English towns tempt film-makers via Internet

Click to follow
THE QUAINT charms of bucolic Britannia, which have provided green and pleasant locations for film favourites such as Chitty Chitty Bang Bang and The Railway Children, are to feature in an Internet advertising campaign to bring Hollywood to the Home Counties.

Tinseltown location scouts searching for a quintessentially English setting for their next blockbuster will be able to choose from a database of villages and valleys, castles and cottages.

The Southern Film Commission is confident that even architectural eyesores such as Slough will be used as locations, once their merits have been detailed and displayed on the Internet.

"There are 75 councils in our region and we feel they all have something to offer. The more information there is on the database, the more chance we have of success," said Gerard Rosenberg, the organisation's commissioner.

"The hope is that Steven Spielberg will turn up, but we also want to encourage television companies and makers of commercials to film in the region.

"We have lost out in the past - like the time Spielberg went to Ireland to get 2,000 extras for Saving Private Ryan because he couldn't find them in England. With the database, we will be more organised and that shouldn't happen."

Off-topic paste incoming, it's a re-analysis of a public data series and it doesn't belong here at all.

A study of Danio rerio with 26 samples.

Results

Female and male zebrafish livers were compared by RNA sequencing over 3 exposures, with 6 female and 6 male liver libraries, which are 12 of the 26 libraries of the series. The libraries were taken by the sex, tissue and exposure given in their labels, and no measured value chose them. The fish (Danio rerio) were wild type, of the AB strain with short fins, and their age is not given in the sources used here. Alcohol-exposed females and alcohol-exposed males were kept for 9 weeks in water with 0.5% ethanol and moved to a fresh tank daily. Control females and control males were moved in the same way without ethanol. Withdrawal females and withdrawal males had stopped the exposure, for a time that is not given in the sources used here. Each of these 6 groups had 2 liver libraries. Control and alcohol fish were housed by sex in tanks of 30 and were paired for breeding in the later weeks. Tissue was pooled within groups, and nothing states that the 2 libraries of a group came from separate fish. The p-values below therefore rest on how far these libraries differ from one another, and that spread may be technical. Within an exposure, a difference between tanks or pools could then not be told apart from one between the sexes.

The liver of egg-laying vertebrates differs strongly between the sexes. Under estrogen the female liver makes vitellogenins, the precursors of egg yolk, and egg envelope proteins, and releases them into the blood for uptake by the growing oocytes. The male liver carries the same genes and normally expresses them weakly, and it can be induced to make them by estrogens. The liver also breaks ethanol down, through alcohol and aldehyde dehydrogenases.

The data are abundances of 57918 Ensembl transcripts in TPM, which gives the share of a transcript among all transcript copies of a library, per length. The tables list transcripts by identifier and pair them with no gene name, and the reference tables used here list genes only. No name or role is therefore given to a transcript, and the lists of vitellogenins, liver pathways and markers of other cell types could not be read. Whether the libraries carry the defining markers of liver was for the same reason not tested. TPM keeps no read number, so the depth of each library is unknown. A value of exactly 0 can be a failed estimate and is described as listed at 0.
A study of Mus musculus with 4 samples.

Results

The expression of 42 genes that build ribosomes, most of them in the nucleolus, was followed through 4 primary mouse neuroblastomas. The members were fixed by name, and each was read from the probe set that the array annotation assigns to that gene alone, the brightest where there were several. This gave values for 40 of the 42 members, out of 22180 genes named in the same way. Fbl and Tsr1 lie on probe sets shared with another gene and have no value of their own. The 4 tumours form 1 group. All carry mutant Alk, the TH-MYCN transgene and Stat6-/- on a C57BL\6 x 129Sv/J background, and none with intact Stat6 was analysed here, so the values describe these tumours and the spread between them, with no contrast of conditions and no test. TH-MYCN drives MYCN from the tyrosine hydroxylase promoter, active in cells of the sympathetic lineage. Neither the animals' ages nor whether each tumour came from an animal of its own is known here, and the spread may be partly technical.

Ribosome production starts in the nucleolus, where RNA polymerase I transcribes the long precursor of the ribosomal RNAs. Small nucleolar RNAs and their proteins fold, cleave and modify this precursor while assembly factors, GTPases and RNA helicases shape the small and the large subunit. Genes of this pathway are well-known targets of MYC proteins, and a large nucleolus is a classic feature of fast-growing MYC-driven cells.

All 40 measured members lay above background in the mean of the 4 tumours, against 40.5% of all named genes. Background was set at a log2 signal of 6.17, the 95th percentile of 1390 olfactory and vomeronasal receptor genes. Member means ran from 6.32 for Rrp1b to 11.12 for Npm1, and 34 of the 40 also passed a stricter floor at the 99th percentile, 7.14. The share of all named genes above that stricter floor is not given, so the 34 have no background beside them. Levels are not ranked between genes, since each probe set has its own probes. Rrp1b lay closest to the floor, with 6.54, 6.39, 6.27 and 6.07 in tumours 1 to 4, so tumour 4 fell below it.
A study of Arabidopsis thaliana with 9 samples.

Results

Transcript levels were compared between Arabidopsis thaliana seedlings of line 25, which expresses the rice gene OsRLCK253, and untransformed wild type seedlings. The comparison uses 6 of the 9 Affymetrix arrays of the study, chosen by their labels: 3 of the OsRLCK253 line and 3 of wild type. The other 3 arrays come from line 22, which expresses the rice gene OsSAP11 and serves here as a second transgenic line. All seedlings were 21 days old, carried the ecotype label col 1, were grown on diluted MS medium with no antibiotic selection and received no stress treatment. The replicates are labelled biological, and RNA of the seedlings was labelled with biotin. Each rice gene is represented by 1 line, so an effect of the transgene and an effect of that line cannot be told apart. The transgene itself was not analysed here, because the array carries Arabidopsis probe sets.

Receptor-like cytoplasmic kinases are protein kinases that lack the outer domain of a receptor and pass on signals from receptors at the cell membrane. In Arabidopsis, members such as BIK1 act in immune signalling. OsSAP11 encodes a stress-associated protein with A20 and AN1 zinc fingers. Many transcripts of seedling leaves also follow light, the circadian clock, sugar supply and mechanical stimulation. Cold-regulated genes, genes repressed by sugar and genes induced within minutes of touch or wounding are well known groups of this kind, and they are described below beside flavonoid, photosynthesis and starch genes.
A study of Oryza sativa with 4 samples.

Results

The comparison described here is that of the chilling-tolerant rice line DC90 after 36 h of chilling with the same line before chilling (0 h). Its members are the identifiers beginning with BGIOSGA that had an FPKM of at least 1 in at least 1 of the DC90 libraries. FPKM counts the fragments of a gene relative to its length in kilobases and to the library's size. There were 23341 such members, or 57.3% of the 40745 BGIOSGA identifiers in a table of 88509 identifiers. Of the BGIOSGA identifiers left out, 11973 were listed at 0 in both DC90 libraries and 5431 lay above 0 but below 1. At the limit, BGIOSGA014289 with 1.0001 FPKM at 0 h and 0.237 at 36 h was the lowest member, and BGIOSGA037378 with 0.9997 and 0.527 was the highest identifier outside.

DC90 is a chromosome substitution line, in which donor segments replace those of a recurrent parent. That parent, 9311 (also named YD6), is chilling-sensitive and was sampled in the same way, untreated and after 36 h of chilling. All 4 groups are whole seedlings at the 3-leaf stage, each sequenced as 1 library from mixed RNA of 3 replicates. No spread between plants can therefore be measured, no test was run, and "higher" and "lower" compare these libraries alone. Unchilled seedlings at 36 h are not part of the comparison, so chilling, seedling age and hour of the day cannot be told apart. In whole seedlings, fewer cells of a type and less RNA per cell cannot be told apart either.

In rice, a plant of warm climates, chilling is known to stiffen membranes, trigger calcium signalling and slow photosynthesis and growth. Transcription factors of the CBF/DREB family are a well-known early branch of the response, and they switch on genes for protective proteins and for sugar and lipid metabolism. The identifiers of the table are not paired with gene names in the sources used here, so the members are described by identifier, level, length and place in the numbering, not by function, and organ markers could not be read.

One local council which has been eager to join the scheme is High Wycombe, in Buckinghamshire. Eddie Russell, a council spokesman, can reel off a list of local sites which have already featured in The Avengers, Chitty Chitty Bang Bang and The Vicar of Dibley.

"We have a lot to offer, with an infinite variety of outdoor locations for them to chose from, as well as family homes. Last year an average- looking property in Marlow Bottom was used for the making of the BBC film Bright Hair. Regular filming can mean tens of thousands of pounds coming into the area," he said.

The locals are also bubbling with enthusiasm about the prospect of a visit from Tom Cruise or Harrison Ford.

Petra Davies, who manages the Crown Hotel in Amersham, Buckinghamshire, knows how good film-making can be for business. Trade has been brisk since the hotel's bridal suite was used by Andie MacDowell and Hugh Grant for their night of passion in Four Weddings and a Funeral.

"We get people from all over the world coming to see the room. The film crew was scouting around and asked to see a bedroom so it was pure chance that we were chosen.

"I think the Internet is a good idea because directors know exactly what they are getting and what they are allowed to do."